Detroit’s expansive urban vegetation studied via satellite

University of Michigan researchers are monitoring Detroit’s vegetation from space to understand its connection to urban decline — and gaining insights into a public health threat emanating from the city’s vacant lots.

As part of the Detroit School lecture series, Daniel Katz and K. Arthur Endsley last week described their use of satellite imagery to investigate changing patterns of urban vegetation and what it might reveal about localized socio-economic conditions.

The use of satellite technology for this purpose is relatively new but its output – constantly updated, high quality data that document changes to the natural and built environment over decades – is potentially powerful.

Detroit’s stark population decline since the middle of the 20th century has led to extensive demolition and an estimated 90,000 vacant lots that are home to expansive plant life.

Endsley, a doctoral fellow and Ph.D. candidate in the School for Environment and Sustainability, uses remote sensing to explore vegetative growth in declining neighborhoods and assess how it correlates with housing values, foreclosures, abandonment, demolition and other factors. He has found a strong association between increased vegetation in Detroit and residential stability, racial segregation and the economic disenfranchisement of minorities.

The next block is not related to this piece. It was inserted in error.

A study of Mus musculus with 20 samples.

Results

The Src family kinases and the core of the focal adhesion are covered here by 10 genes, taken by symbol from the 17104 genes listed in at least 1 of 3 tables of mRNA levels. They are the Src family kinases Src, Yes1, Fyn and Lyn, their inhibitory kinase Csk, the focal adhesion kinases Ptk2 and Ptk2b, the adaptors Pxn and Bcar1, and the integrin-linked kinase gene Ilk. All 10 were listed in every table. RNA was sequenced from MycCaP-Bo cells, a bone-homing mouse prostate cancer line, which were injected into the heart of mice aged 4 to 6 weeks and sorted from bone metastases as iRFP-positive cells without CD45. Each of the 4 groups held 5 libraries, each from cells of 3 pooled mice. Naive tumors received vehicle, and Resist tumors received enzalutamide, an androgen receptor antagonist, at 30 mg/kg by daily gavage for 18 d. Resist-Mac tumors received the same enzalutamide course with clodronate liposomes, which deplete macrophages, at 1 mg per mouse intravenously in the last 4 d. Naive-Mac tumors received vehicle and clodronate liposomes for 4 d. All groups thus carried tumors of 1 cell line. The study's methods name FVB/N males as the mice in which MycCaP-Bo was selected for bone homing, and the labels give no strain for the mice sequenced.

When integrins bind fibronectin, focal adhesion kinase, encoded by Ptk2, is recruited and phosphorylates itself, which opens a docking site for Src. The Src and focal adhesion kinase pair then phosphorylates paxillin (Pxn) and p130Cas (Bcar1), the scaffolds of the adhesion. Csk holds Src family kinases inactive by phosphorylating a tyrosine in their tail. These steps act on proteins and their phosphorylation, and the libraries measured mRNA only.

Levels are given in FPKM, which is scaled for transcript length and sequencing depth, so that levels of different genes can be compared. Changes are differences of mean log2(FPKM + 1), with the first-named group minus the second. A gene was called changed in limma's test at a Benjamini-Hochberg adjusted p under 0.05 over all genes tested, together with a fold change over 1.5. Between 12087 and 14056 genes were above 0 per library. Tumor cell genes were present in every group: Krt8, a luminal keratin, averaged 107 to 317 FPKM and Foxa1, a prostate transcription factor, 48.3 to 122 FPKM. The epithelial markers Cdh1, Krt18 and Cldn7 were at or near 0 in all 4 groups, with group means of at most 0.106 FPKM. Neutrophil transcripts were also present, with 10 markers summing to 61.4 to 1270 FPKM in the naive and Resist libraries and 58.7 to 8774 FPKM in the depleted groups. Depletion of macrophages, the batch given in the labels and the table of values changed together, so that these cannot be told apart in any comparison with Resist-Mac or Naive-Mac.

Katz, a post-doctoral fellow in the School of Public Health, notes that unrestrained vegetation on Detroit’s vast sections of vacant and abandoned property creates safety and visibility concerns, exacerbates dumping, and produces excessive pollen that causes allergies and asthma.

Asthma is more prevalent in Detroit than in Michigan as a whole and disproportionately affects black residents, according to the state Department of Health & Human Services. It is the leading cause of preventable hospitalizations among children in Detroit.

“It’s not just a nuisance,” Katz said. “Pollen in Detroit is a big deal. It’s incredibly prevalent.”

A particularly notorious source of pollen – ragweed – thrives in vacant lots.

Katz uses field surveys and data collected by satellites to map ragweed across the city and gauge the volume, timing and dispersion of pollen.

“This is challenging,” he says. “Detroit is enormous.”

In later phases of this research, Katz hopes to conduct epidemiological analyses to better understand the health impact of excessive pollen produced on Detroit’s vacant land. This disproportionately affects people in poor neighborhoods, he notes, where access to medical care is limited and asthma often goes untreated.  

David Wilkins is an Ann Arbor-based freelancer with more than 20 years of experience in corporate communications and journalism.